I do try to eke out the unusual when I visit somewhere but I must say that I did not expect to come across a Victorian filigree, cast iron, pissoir in Sydney. For those unfamiliar with the French term ‘pissoir’ it translates to a men’s urinal – though I do feel that when you translate it you somewhat vulgarise the artistic nature of the object.
Following concerns about public respectability and undesirable street behaviour – men urinating in public – Sydney’s first public toilets appeared in 1880. These early toilets were exclusively for men – presumably respectable ladies did not stoop to urinating in public. Women had to wait until 1910 when the first public lavatory for them was opened in Hyde Park.
The early (male) pissoirs took the form of ornate cast iron urinals of the type pictured. Indeed this one is the last remaining cast iron pissoir in Sydney, moved to its current location in 1971 from nearby Observatory Hill. Being the last one in Sydney it has now become something of a tourist attraction.
While still in active service, based on the cleanliness of the facility in January 2016, I suggest you use the larger and more modern (though not much cleaner) facility for gentlemen located about 20 metres from the pissoir.
Sydney’s first pissoirs were supplied by George Jennings who exhibited at the 1879 International Exhibition in Sydney and took the liberty of introducing himself to a Mr Roberts on the City Council thus:
I take the liberty of sending you an illustrated price-list of Public Conveniences manufactured by our firm and supplied to most of the Corporations and Sanitary Authorities throughout England and in many towns on the Continent and America. As they have given such great satisfaction wherever they have been fixed I venture to hope you will favour us with a chance of tendering for the supply should your Corporation at any time entertain the idea of erecting urinals in this city. We are exhibiting on the Terrace Floor of the Exhibition several appliances all tending to health & comfort, which I should have great pleasure in shewing you whenever you may feel inclined.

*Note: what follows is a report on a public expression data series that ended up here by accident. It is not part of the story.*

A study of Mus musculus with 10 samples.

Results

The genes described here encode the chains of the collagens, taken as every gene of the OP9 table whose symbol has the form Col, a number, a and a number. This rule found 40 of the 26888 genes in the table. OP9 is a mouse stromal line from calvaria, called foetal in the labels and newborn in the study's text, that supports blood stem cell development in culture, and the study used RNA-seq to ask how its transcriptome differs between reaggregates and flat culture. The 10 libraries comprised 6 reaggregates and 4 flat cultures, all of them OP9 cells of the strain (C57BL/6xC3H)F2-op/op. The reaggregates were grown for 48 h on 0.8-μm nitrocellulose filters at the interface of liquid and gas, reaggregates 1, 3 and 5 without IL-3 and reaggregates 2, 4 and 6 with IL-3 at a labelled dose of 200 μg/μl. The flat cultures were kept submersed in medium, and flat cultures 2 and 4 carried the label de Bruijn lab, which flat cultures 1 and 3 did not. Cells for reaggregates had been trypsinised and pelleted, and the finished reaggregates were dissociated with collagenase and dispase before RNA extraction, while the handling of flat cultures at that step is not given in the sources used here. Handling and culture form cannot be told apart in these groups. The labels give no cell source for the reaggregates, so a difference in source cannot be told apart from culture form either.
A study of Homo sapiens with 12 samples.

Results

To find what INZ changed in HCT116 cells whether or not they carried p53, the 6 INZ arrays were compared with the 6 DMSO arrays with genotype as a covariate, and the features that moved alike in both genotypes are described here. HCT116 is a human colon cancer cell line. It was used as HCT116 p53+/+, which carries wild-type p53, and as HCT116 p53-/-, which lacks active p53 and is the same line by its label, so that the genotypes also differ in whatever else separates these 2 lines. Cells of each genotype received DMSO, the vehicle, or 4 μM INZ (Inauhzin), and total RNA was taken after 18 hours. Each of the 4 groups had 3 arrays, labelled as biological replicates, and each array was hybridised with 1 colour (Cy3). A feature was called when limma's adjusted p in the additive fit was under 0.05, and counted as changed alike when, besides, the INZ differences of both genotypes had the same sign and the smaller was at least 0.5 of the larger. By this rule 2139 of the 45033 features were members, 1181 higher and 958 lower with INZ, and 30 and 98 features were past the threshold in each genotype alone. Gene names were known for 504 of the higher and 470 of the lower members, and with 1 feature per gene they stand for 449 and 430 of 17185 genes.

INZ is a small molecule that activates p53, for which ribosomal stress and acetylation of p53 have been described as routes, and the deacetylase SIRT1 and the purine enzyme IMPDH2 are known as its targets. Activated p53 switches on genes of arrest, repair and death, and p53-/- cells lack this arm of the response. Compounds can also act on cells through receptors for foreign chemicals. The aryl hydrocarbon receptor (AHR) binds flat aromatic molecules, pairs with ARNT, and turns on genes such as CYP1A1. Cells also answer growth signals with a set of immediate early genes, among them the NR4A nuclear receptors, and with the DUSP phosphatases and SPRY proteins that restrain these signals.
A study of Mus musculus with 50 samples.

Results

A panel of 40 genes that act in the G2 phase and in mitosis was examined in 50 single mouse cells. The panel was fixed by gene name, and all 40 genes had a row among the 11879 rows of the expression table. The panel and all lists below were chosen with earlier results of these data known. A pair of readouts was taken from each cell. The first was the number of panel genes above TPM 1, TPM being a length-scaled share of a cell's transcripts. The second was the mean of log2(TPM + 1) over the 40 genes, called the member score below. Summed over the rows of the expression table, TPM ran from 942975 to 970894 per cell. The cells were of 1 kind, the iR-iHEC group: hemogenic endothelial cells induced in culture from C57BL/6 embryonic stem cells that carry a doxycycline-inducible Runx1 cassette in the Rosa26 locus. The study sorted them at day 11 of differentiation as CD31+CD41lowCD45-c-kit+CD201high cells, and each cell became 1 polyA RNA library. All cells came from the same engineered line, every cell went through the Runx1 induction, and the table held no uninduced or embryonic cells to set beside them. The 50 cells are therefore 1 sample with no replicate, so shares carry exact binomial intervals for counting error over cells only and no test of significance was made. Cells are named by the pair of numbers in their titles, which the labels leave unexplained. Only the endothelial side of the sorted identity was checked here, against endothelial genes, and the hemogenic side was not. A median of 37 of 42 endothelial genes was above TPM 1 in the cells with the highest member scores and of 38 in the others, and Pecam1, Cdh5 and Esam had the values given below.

I am dear Sir
George Henry Jennings.
P.S. I left a complete catalogue with Mr Mountain yr. Surveyor a few days ago.
Mr Roberts did favour Mr Jennings with an order for two patent urinals in 1880 and Jennings was still supplying them in 1887 when he sold the council six ‘Class A’ six-person urinals and six ‘class B’ three person urinals.
As far as I can ascertain, this remaining pissoir was made by James Allen Snr & Son of Glasgow and is one of only two Allen pissoirs remaining in the world, the other being a larger model in the Great Western Dockyard in Bristol, England.
Today, in many parts of the world including Sydney, pissoirs, including pop-up ones, are having something of a renaissance but, sadly, they lack the style and elegance of those of the late 19th century.
Address: Lower George Street, The Rocks
Directions: Under the Harbour Bridge
This is my last SYDNEY – CITY – ROCKS / DAWES POINT review.
For other Sydney reviews click HERE.